ICRW Tackles Links Between Alcohol Use and HIV Risk

Article Date

12 April 2011

Article Author

By Gillian Gaynair

Media Contact

Anne McPherson

Vice President, Global Communications email [email protected]

Few HIV prevention programs are addressing the link between alcohol consumption and sexual behaviors that put people at risk of HIV. ICRW is attempting to fill this gap with a new pilot project in Namibia.

Although a growing body of research shows a link between high alcohol use and a greater risk of HIV infection in developing countries, few prevention programs – save for a handful in sub-Saharan Africa and India – are addressing that association. It’s a complex connection to tackle, one in which gender and cultural norms must be considered, say experts from the International Center for Research on Women (ICRW).

Epidemiologists and social scientists have found a clear pattern of heavy drinking in countries with high rates of HIV – particularly in eastern and southern Africa. Studies show that drinking alcohol before sex or being intoxicated during sex is directly tied to contracting HIV; under the influence, people are more likely to engage in unprotected sex, sleep with more than one person and pay for sex.

“This link had not been recognized or acted on until recently, in the past decade,” said Katherine Fritz, who directs ICRW’s research on HIV and AIDS. “And because it’s still not clear exactly how to intervene – whether through policy or programs or both – the science behind preventing alcohol-related HIV is still emerging.”

“It’s sort of the elephant in the room, especially in sub-Saharan Africa, home to 60 percent of people living with AIDS worldwide,” Fritz said.

Kabila, Namibia

Kabila, part of Katutura, is a relatively new, informal settlement on the outskirts of Namibia’s capital city.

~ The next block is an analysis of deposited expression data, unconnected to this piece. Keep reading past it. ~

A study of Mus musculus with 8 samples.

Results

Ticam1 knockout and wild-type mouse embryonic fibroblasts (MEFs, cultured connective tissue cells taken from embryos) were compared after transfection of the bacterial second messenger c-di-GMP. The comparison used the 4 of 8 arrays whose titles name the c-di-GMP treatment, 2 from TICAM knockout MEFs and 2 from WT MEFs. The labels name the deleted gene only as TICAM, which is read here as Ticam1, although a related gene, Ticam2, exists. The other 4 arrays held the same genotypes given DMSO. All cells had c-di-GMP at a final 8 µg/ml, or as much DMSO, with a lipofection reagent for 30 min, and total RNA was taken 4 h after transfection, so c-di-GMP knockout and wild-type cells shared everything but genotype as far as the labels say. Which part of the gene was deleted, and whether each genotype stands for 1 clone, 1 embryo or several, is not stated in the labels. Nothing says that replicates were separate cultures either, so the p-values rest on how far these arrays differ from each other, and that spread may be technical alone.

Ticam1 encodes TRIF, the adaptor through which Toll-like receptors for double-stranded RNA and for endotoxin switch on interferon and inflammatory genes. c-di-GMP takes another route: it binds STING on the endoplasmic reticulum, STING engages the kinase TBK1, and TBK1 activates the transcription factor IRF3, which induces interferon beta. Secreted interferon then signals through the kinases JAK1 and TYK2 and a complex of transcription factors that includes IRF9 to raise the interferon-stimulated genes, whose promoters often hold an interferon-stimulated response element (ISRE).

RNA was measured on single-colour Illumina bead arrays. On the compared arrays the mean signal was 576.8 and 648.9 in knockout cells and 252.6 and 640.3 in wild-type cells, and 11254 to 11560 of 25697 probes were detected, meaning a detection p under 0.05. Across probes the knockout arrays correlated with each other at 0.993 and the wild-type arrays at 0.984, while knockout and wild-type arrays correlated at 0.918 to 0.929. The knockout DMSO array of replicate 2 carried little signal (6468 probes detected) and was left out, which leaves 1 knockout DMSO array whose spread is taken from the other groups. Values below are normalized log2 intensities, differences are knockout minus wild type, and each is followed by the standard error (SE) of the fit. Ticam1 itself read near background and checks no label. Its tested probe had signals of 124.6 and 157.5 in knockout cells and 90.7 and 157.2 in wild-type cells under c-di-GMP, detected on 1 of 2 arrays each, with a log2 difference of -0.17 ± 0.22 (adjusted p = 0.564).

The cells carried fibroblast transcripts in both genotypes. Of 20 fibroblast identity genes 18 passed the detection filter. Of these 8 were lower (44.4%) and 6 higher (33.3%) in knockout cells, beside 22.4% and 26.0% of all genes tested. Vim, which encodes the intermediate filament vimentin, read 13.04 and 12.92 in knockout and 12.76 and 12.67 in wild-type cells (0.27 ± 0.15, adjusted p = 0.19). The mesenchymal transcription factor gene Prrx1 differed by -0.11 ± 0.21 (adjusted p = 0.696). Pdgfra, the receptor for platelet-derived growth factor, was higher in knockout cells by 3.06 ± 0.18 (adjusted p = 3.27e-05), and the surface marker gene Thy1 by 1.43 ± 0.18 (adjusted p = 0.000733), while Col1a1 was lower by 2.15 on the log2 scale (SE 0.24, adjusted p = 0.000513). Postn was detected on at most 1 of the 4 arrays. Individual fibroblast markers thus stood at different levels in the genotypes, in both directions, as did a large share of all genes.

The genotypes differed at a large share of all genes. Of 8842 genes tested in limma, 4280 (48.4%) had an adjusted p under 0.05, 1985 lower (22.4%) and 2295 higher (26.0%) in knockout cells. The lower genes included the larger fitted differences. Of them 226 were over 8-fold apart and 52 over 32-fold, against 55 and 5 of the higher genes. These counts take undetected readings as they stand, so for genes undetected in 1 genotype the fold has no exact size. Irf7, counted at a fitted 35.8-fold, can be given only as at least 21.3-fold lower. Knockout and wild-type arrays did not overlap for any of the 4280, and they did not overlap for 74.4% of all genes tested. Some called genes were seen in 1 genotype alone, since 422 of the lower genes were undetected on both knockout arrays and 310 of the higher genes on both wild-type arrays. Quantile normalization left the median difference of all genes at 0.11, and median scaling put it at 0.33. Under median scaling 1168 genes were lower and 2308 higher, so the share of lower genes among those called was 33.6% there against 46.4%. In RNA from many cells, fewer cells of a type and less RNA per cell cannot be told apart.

Photo © Robyne Hayes/ICRW

ICRW is attempting to fill this gap by designing a 2½-year pilot project that will work with bar owners, servers and patrons to moderate drinking and curb the frequency of risky sex in Kabila, Namibia. The relatively new, informal settlement is part of Katutura, a low-income area on the outskirts of Namibia’s capital city, Windhoek, and a former township where black Namibians were forced to live during apartheid. Kabila is one of Katutura’s fastest-growing neighborhoods, largely due to migration from northern Namibia. Its exact population is not documented.

ICRW’s preliminary research aimed to better understand the lives and sexual behavior of men and women in Kabila as well as how the production, sale and consumption of alcohol fit into the social and economic fabric of the community. Experts found that the majority of families who settle in Kabila make a living by brewing beer or selling alcohol; it’s one of the few reliable sources of income. And opportunities to imbibe are abundant: ICRW found 265 bars in a 2.5-mile area, most of which operate out of people’s homes.

The informal, home-based bars – which also sell snack food, soap and other items – are primarily managed by men. Women often work as bartenders for little pay, or earn an income by selling fruit, meat and other perishable foods near the bars. Both men and women take part in what the bars have to offer; many told ICRW researchers that drinking helps them cope with boredom and the stresses of poverty.

Women often work as bartenders for little pay, or earn an income by selling fruit, meat and other perishable foods near the bars.

Photo © Robyne Hayes/ICRW

ICRW will use its early findings to launch the pilot project this summer, with funding from the United States Agency for International Development’s (USAID) AIDSTAR-One program. ICRW will implement the Kabila effort in collaboration with the Society for Family Health in Namibia.

The project ultimately aims to help bar owners create an environment that promotes less high-risk sexual behavior among patrons. Experts suggest this will be possible through steps such as encouraging earlier closing hours and serving non-alcoholic beverages in addition to alcoholic ones. The program will also focus on mobilizing Kabila residents to examine how heavy drinking is affecting their community’s well-being and help them develop strategies to address it. In the end, experts hope that by altering the overall community environment, men and women will be more likely to make better decisions about their sexual behavior, and in turn, reduce their vulnerability to HIV.

“We’re testing a new approach; instead of targeting individuals, we’re engaging an entire community to address alcohol-related HIV risk,” said Amy Gregowski, an ICRW public health specialist who leads the Namibia project. “We’re analyzing HIV within the larger context of life in Kabila, and hoping to tackle people’s vulnerability to sexually transmitted infections in a more holistic way.”

Related blog: Environmental Influences

Gillian Gaynair is ICRW’s writer/editor.